David E Norris marvels at the dazzingly inventive cribs which are carried through the Polish city on the first Thursday in December Are you one of those people who believe that craftsmanship is dead? If you are, then you need to visit the city of Kraków, especially on the first Thursday in December.
There, right in the middle of the market square, stands a statue of the Polish poet Adam Mickiewicz. It is a popular meeting place throughout the year, but on that day it becomes the rendezvous point for a unique breed of craftsmen and women, namely the town’s model-makers. They start arriving with their creations as early as eight o’clock in the morning. By 10 o’clock there is usually a crowd scrimmaging to register their work which will have been made amid great secrecy over the course of the year. Some are large; others tiny, some are carried by two people and some even arrive on trolleys like fragments from a Gothic altarpiece. Around 11 o’clock swarms of schoolchildren descend along with their teachers to show off their glittering entries.
The climax occurs on the stroke of mid-day when the distinctive bugle call echoes from the multi-turreted church tower. That’s the signal for the Kraków Christmas crib procession to set off. It is always headed by the standard bearer holding aloft a brightly coloured revolving star which is the emblem of the carollers, a guild of craftsmen who developed this spectacular craft over 200 years ago.
Between 120 and 160 precious artefacts are carried in triumph through the covered way of the ancient cloth hall before snaking across the market square to Krzysztofory Mansion which acts as the history museum.
There, the models are handed over to a panel of judges who have the onerous task of selecting the models to go on show in three days time. It’s a nail-biting wait. Gazing at the exhibits last year, I could appreciate the clever use of tiny puppets, the amusing use of moving parts and most of all the cacophony of colour, but I sensed that I only understood the half of it. Here was a rich culture that had evolved over 200 years and was still developing. Cribs, of course have adorned churches from the dawn of Christianity. Pope Liberius erected a model of the stable in Bethlehem inside the basilica Santa Maria Ad Praesepe in Rome in 360 BC. But it was not until the 17th century that secular characters began to appear in a crib scene. Some had simple moving characters. These were, no doubt, influenced by puppet theatres which were spreading across Europe from their origins in France. They certainly had an influence in Poland because itinerant cribs – a kind of mobile puppet theatre – became popular around Kraków. The models that I was gazing at in the exhibition, with their Nativity scenes nestling in a balcony on the first floor and other puppet figures spread along the ground floor were direct descendants of that genre.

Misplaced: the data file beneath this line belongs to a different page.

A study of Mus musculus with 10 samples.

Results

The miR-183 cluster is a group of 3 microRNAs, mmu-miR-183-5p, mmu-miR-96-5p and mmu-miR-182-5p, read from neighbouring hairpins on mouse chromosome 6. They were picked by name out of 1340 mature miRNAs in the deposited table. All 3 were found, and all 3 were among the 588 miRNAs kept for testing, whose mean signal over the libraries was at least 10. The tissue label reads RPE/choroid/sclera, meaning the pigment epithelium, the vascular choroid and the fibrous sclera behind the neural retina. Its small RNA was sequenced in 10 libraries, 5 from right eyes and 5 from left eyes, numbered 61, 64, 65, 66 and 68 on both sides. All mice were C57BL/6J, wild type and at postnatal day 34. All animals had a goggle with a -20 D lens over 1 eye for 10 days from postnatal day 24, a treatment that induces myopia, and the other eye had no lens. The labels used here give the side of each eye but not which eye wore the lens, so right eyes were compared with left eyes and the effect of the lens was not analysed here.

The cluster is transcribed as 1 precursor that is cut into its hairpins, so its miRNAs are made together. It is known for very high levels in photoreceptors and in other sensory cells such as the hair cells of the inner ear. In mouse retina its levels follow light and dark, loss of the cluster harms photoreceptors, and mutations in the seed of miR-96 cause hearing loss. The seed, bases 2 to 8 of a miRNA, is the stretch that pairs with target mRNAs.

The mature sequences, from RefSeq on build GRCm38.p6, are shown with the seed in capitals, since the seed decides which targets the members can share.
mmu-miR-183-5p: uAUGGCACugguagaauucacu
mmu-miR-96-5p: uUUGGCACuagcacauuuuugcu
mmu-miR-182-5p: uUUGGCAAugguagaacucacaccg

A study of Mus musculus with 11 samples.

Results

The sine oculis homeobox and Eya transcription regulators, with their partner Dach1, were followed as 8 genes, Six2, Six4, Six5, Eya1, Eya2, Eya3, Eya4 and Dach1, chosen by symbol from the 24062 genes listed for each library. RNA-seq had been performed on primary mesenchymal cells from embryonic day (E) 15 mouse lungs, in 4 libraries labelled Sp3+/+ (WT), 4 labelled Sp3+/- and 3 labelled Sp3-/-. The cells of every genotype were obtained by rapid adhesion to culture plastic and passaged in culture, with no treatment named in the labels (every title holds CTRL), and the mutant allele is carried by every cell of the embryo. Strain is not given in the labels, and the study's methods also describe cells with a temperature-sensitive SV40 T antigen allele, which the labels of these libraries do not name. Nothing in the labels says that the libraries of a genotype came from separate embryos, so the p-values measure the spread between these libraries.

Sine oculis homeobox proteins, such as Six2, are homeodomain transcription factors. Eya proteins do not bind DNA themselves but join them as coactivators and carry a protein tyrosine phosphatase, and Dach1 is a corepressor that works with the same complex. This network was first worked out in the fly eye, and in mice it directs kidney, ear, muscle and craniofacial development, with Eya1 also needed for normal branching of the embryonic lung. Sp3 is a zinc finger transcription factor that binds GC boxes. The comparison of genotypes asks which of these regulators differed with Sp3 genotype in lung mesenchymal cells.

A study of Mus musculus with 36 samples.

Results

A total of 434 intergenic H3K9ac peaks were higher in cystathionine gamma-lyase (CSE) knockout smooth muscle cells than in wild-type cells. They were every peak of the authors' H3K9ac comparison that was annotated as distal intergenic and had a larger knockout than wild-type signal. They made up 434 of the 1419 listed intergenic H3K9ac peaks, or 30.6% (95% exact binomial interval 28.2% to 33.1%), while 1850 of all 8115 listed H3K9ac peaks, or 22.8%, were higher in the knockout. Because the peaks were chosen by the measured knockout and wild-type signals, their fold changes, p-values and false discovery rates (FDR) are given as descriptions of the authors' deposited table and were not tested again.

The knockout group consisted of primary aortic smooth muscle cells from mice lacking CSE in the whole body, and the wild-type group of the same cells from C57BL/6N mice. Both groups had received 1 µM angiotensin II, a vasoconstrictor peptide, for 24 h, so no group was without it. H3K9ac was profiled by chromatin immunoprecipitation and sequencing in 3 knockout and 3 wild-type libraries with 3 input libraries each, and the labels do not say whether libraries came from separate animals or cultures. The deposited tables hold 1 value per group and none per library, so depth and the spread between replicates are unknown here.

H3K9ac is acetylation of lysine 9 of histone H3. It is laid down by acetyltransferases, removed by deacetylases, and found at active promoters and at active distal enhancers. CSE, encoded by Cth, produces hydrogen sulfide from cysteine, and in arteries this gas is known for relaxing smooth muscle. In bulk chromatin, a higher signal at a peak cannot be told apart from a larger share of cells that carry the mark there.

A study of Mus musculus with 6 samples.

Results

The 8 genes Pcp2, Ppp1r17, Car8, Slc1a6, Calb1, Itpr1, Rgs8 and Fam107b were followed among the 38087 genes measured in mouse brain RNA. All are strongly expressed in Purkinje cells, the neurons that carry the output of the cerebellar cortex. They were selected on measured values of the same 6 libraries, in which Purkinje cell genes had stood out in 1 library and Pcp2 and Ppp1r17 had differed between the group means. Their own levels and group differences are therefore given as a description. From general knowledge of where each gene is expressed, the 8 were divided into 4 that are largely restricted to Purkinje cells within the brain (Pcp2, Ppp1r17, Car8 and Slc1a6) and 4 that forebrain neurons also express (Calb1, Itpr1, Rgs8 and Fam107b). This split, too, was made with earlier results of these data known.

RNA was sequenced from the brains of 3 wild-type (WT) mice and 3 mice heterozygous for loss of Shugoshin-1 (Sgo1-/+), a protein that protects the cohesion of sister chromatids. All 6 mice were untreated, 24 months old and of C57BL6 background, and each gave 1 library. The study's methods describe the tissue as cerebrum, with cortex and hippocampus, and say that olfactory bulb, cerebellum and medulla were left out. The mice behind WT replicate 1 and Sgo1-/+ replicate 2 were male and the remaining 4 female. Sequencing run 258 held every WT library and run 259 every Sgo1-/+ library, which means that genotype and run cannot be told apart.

In the latter half of the 19th century it was the fashion in Kraków for groups of “carollers” with puppet shows to perform in private houses. They were for the most part carpenters, builder’s assistants and bricklayers, underemployed in winter and in search of extra cash. At Christmas time they would set out their large constructions, which could be up to six feet high, in the market square and tout for business.That was when they set up the first crib-makers’ guild.
The heyday of the puppet crib makers ended with the advent of the First World War and it was feared that the tradition of cribmaking would be lost forever but they need not have worried.
Poland has had a very chequered history. There has been a succession of invasions and each one seemed to bring a form of cultural oppression, but none of them reckoned with the creative evolution of the guild. Some of the crib masters began to build smaller cribs in their homes and a distinctive style evolved. These cribs would be up to 16 inches tall. They would each incorporate two or three towers topped with a pinnacle, often modelled on the church towers that made up the skyline of Kraków. Invariably that included the bugle call tower on St Mary’s.
At first they were painted in gold and silver. Then there were models adorned with pieces of stained glass and cellophane. When illuminated models appeared in the 1950s mechanical moving parts would not be far behind and, sure enough, they have become more and more elaborate. Recently the architectural motifs have changed to incorporate other parts of Kraków including the barbican gate, but the Nativity scene remains inviolate.
The search for originality seems unrelenting but the skill level never drops and the reason is very simple. Each year at least one model is kept to be placed in a permanent collection. This simple device makes it possible to see examples of models stretching back to the year 1900. It makes crib makers conscious of their heritage; it makes them strive to maintain the levels of craftsmanship and it perpetuates a unique skill.
If ever a place were thought of as the spiritual home of the Blue Peter ethic – that of making models out of the most unlikely material – then Kraków and its legion of crib makers would qualify.